Chatwing – A Useful Tool for Blogsites?


When you’re setting up a website, the main thing you want to do is to relate and communicate to whoever reads what you put up. One way can be e-mail, another can be  asocial network.

Chatwing though, offers a new way which seems to be a faster and easier way to communicate with visitors.

I was given the opportunity to give it a try, and this is what happened.

Chatwing began back in 2011, when Aaron Kong, decided that there could be a better way of communication between writer and reader on blog sites.

Since then, it’s become an application to watch, which has users in the hundreds of thousands and rapidly growing.

All a user has to do, is to create an account, and simply create widget, create the size and colour scheme, and once they are given the code, they can drop it into any part of their site. That’s it.

Once it’s been implemented, anyone can leave a message in the ‘Chatwing’ box, either as a guest or as a registered user, and the owner of the site can reply to these messages.

I have my box in the about section. If anyone wants to give me feedback about an article or a way to contact me without giving their details, they can only write a message in the box, and I can reply back when I can.


Its message limit is unlimited, so there’s no maintenance in making sure the embedded box is running out of allocated storage.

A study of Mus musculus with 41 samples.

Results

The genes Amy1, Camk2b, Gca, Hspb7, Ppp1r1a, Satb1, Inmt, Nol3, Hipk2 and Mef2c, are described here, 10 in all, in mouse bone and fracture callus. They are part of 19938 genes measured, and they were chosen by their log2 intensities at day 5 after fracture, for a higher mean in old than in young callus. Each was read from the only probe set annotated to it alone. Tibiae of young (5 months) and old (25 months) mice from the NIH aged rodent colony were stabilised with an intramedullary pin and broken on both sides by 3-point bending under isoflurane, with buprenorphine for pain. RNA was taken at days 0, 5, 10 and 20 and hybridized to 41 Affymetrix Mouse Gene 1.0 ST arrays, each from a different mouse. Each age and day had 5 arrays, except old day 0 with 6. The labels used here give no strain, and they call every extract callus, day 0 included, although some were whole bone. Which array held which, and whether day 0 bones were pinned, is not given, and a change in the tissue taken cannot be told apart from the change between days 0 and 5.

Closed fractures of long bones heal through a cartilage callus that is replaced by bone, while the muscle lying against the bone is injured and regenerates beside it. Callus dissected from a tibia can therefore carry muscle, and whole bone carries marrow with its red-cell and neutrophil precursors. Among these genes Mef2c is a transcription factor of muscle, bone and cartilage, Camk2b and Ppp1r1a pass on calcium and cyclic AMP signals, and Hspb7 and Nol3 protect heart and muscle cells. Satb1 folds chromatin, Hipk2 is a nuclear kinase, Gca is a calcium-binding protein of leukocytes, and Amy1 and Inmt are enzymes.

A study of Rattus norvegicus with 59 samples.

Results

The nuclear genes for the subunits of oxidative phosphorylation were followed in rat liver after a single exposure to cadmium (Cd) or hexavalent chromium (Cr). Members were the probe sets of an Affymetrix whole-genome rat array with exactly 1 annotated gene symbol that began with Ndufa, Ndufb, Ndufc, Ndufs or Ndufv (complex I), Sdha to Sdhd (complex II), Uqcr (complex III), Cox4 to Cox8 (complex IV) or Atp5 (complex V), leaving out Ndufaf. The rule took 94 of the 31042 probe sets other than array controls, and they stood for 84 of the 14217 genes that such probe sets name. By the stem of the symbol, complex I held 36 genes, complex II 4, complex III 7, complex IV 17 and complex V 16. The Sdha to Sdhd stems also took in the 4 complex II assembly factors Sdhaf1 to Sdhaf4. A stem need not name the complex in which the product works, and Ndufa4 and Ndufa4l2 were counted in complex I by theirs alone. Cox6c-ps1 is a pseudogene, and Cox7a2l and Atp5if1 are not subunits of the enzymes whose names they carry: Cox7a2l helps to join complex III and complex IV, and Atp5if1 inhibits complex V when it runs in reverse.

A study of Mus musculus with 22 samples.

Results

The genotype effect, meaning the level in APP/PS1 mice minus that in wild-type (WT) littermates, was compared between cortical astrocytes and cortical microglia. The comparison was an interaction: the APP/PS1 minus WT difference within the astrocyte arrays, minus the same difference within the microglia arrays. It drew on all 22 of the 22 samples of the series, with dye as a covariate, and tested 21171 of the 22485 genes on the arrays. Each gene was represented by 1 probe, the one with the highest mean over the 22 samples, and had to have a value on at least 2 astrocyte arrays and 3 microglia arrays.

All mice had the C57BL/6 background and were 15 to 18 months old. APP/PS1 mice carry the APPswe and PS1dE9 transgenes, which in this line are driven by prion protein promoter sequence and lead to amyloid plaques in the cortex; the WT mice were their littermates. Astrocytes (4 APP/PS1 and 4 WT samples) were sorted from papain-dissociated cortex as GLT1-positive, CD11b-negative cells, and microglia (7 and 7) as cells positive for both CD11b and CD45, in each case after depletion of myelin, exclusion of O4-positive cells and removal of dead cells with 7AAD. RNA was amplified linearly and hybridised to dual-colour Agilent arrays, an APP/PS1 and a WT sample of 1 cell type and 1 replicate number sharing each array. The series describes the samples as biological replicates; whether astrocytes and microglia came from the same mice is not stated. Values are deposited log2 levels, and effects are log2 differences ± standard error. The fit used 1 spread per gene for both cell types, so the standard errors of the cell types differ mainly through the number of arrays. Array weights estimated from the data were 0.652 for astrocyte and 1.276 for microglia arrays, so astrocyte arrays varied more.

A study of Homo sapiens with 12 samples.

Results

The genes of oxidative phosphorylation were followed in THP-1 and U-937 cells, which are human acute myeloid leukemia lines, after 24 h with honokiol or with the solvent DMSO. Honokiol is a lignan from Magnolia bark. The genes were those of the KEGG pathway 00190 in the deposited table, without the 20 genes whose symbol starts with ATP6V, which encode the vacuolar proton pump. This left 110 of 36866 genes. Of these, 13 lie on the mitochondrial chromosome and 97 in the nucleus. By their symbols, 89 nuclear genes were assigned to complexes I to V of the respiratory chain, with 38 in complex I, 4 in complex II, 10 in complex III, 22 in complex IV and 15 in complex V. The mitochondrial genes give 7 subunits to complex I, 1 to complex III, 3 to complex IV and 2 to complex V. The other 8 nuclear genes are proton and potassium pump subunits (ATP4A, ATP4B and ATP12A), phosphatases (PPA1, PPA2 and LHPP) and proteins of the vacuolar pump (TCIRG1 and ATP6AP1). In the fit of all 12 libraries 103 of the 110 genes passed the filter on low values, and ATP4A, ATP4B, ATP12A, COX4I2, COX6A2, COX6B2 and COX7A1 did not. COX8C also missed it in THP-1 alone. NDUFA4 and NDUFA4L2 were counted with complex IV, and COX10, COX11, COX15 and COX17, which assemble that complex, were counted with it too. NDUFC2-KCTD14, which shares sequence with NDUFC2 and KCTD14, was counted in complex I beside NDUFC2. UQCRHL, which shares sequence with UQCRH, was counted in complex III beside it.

So far, Chatwing does what I need it to do. It gives me full control over the embedded box, and I can change the dimensions or colour of it if I wish.

Only  a few days ago, Chatwing 2.0 was launched which introduced groups. This enabled admins to filter visitors in their respective countries if there was a language barrier for instance. There’s also more login options, such as from Google and Yahoo, as well as Facebook and Twitter.

The whole UI also seems faster, which always helps.

Chatwing is a free service, so all anyone needs to do, is to simply register their name and e-mail, and they can start embedding a chatbox into their sites.

Overall, it’s a useful service. It saves the reader time in having to e-mail the writer when they can simply leave a message in the box. The main concerns is that, if this was to be implemented into a site with heavy traffic, such as Daring Fireball, could John Gruber be able to sift through hundreds of messages? Would he even want to?

Another point is that, because we’re at a time in the internet when it’s now a normality in many people’s lives compared to a decade ago, people’s standards are so high. Will they want this to be on their site? Is it enough?

So far after I’ve tried it, if it keeps going the way it is now, there’s a chance.